Fandom Week: Not much to complain about in Boston

This week, Daily Campus Sports is celebrating both the highs and the lows of invested fandom with a series of personal articles telling the stories of our sports memories. This is Fandom Week.

It’s been about 17 years since Tom Brady took down “The Greatest Show on Turf” for his first Super Bowl. Since then, we’ve had ten championships up in Boston. Five from the Patriots, three from the Red Sox and one from both the Celtics and Bruins. So brace yourself, I’m going to talk about how lucky we are, up in Massachusetts.

We’ve had a number of moments in that span that any Bostonian could tell you exactly where they were at the time. When you’ve seen 10 championships in your life it’s hard to pick your favorite, a tough life… I know.

Sure, I could talk about how Malcolm Butler’s interception saved the Patriots’ legacy. Or how the Patriots’ 28-3 comeback in Super Bowl LI is just about the most improbable event to ever happen in sports. And there’s Kevin Garnett telling you that anything is possible after the 2008 NBA Finals or the 2004 Red Sox reminding everyone to always keep the faith. But none of those are my favorite, not even close. Okay, maybe a little close.

The 2013 Boston Red Sox are my favorite sports team I’ve seen in my lifetime. Coming off a last place finish in 2012, the Sox were projected to stay in the basement of the AL East again for another year. But one day in April, a day we’ll never forget, the Red Sox found an extra reason to play. Following the events of the Boston Marathon Bombing, the city of Boston needed the Red Sox.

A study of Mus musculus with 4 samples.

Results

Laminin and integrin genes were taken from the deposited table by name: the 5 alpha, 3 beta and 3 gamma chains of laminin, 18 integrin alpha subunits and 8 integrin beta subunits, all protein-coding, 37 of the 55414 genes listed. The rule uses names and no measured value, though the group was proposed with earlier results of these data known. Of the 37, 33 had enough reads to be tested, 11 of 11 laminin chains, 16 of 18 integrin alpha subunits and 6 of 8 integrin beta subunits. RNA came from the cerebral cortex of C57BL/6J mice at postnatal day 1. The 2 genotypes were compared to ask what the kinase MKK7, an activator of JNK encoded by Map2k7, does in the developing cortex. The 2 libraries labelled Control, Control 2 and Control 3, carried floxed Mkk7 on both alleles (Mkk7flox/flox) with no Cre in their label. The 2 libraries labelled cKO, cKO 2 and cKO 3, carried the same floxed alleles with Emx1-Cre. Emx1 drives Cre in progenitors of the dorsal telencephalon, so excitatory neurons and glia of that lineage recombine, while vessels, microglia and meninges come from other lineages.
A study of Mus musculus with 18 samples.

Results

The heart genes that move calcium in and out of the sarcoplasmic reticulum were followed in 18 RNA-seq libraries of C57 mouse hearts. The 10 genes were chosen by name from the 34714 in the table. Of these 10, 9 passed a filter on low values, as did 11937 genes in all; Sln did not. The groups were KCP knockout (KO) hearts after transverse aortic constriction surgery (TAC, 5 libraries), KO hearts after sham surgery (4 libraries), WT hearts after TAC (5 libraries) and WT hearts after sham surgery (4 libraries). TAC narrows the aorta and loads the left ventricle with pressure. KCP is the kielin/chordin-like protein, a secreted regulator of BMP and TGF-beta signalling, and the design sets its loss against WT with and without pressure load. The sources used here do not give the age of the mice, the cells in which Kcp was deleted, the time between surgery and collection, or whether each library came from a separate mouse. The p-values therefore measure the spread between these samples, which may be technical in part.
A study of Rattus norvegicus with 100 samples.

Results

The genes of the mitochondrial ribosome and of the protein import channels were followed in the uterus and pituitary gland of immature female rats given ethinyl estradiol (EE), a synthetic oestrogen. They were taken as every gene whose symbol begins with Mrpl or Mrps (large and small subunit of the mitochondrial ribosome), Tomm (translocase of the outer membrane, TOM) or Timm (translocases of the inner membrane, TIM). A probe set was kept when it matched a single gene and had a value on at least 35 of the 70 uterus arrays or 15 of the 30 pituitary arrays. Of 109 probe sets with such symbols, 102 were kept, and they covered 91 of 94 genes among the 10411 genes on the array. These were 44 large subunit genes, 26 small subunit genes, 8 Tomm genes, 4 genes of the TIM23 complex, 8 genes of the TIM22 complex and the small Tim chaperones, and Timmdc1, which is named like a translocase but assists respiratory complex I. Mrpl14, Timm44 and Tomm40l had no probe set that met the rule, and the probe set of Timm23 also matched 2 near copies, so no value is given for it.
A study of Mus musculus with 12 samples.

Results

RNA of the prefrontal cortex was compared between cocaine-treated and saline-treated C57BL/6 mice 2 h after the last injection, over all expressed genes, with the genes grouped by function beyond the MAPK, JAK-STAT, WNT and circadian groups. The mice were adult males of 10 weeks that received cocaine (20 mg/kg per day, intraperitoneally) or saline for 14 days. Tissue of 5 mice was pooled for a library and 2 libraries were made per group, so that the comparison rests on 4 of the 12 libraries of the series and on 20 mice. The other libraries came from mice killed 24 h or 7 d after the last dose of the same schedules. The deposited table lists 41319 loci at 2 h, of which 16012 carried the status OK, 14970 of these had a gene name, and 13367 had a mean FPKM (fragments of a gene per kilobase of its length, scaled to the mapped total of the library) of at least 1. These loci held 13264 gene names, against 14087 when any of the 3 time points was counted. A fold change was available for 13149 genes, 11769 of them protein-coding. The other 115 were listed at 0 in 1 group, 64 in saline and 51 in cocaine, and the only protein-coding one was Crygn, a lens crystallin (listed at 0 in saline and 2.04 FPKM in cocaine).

That first game back in Boston was when I really had the feeling this team would go places. From David Ortiz telling the nation that “this was our f******* city,” to Daniel Nava’s walkoff homerun, there was a different feel to this team. They proceeded to hang up a “617 Boston Strong” jersey in the dugout every game for the rest of the season and most of the ceremonial first pitches for the rest of the year came from both survivors and first responders. It was a way for the city to heal.

For me, it all culminated in Game 2 of the ALCS. Down 1-0 in the series and 5-1 in game two, the Red Sox faced a very real possibility of heading to Detroit down 2-0, but Ortiz had other plans. With two outs in the bottom of the eighth and the bases loaded, Ortiz launched a grand slam into the bullpen that sent Detroit outfielder Torii Hunter flipping over wall. The iconic photo of Hunter’s legs in the air and Boston Police Officer Steve Horgan celebrating right behind him will live on forever. (Sidenote, I’ve met Officer Horgan and he has no problem throwing his hands in the air for a picture.)

The Ortiz grand slam represented the city and its healing better than anything. Just when you think we’re down, we bounce right back. The team went on to win the ALCS and the World Series in an iconic Game 6 at Fenway Park. I have no shame in admitting I shed a few tears after the final out of the ninth.

So yes, we’re fortunate up in Boston. So much stuff has gone our way I honestly can’t think of any bad memories from the past 17 years.

What? Did you say helmet catch? I have no idea what you’re talking about.


Connor Donahue is the digital editor for The Daily Campus.. He can be reached via email at connor.f.donahue@uconn.edu. He tweets @conn_donahue.